Iconix Brand Group Inc. agreed to acquire Nike Inc.’s Umbro sports apparel and footwear unit for $225 million in cash.

The deal is expected to close by the end of the year, New York-based Iconix said in a statement. Nike bought Umbro, which was founded in 1924, in 2008 for about 302 million pounds ($483.7 million), according to data compiled by Bloomberg.

The sale is part of Nike Chief Executive Officer Mark Parker’s push to focus on the business units with the most growth potential and profitability. Nike, based in Beaverton, Oregon, previously announced it’s also trying to sell its Cole Haan unit of dress-shoe stores.

Nike rose 0.1 percent to $92.89 at the close in New York. The shares have lost 3.6 percent this year.

The deal will end one of the many acquisitions that hasn’t panned out for the world’s largest maker of sporting goods. Nike has also bought and then sold the Starter apparel brand and Canstar Sports Inc., maker of Bauer hockey gear. The one bright spot has been Converse, which has flourished under Nike’s control.

Back in 2008, Umbro appeared to be a good fit because it gave Nike more customers in Europe as it tried to reach its goal of surpassing Adidas as the world’s largest soccer company.

Umbro also had a long-standing deal with the England national soccer team to supply its uniforms. In a statement announcing the deal, Parker touted the new relationship as a “dynamic alignment” that would make Nike the world leader in soccer.

Nike announced this morning it will sell its Umbro affiliate brand to Iconix Brand Group, Inc., for $225 million. The transaction is expected to be complete by the end of this year.

Nike announced May 31 it planned to sell Umbro, a soccer equipment brand, and dress shoe brand Cole Haan. The company said the sales were planned “to focus on driving growth in the Nike, Jordan, Converse and Hurley brands.”

“It is a difficult decision to divest any business,” Nike chief executive Mark Parker said in a statement, “but this action wil enable us to focus on our highest-potential growth opportunities.

“Umbro has a great heritage, but ultimately, as our category strategy has evolved, we believe Nike Football can serve the needs of footballers both on and off the pitch.”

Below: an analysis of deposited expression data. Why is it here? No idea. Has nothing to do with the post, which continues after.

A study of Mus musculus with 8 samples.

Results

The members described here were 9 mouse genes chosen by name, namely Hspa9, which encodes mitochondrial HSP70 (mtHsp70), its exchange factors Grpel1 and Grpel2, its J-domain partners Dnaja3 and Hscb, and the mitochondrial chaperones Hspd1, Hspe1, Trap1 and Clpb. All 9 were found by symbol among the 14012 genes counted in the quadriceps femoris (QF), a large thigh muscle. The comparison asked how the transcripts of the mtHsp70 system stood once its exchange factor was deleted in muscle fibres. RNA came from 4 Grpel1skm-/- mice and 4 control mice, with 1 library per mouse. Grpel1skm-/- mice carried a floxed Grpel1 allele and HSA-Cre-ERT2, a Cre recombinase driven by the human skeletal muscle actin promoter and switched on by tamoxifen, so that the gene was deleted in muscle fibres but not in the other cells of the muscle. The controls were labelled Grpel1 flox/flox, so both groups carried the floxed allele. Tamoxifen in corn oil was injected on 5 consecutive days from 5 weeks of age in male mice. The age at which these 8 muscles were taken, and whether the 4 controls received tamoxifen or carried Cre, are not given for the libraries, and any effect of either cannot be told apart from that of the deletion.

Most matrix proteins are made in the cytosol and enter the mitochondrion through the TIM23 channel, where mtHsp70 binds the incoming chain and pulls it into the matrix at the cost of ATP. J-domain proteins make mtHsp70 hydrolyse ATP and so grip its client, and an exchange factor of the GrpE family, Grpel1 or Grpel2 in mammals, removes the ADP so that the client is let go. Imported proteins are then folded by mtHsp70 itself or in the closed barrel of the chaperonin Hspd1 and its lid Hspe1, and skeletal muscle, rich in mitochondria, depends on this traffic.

Nike recently announced it had signed England’s national soccer team to a footwear and apparel deal. The announcement was curious as Umbro had been the team’s supplier for years and that partnership had been perceived as one of the selling points for Umbro.

“Umbro is a true, authentic football brand with a global loyal consumer fan base,” Neal Cole, chief executive of Iconix Brand Group said in a statement, “and we are thrilled to be adding it to our portfolio of iconic brands.

“Umbro is an exciting acquisition with more than 30 licensees in over 100 countries with a devout following. We look forward to working with our international partners to maintain and expand upon the rich heritage of Umbro.”

Nike announced Umbro’s purchase in October 2007 and completed it in 2008 for $582 million cash. The purchase was the first and only acquisition for Parker, named chief executive in January 2006.

Umbro’s revenue declined about 19 percent, from $224 million to $276 million, between 2006 and 2011 because of its lesser role in the competition between Nike and Adidas soccer brands, Credit Suisse analyst Christian Buss wrote when the Umbro and Cole Haan sales plans were announced.

At that time, Nike said the sale of the brands was expected before the end of the company’s fiscal year, which is May 31, 2013.

Nike purchased Cole Haan in 1988 for $80 million plus the repayment of $15 million in debt for the New York-based company.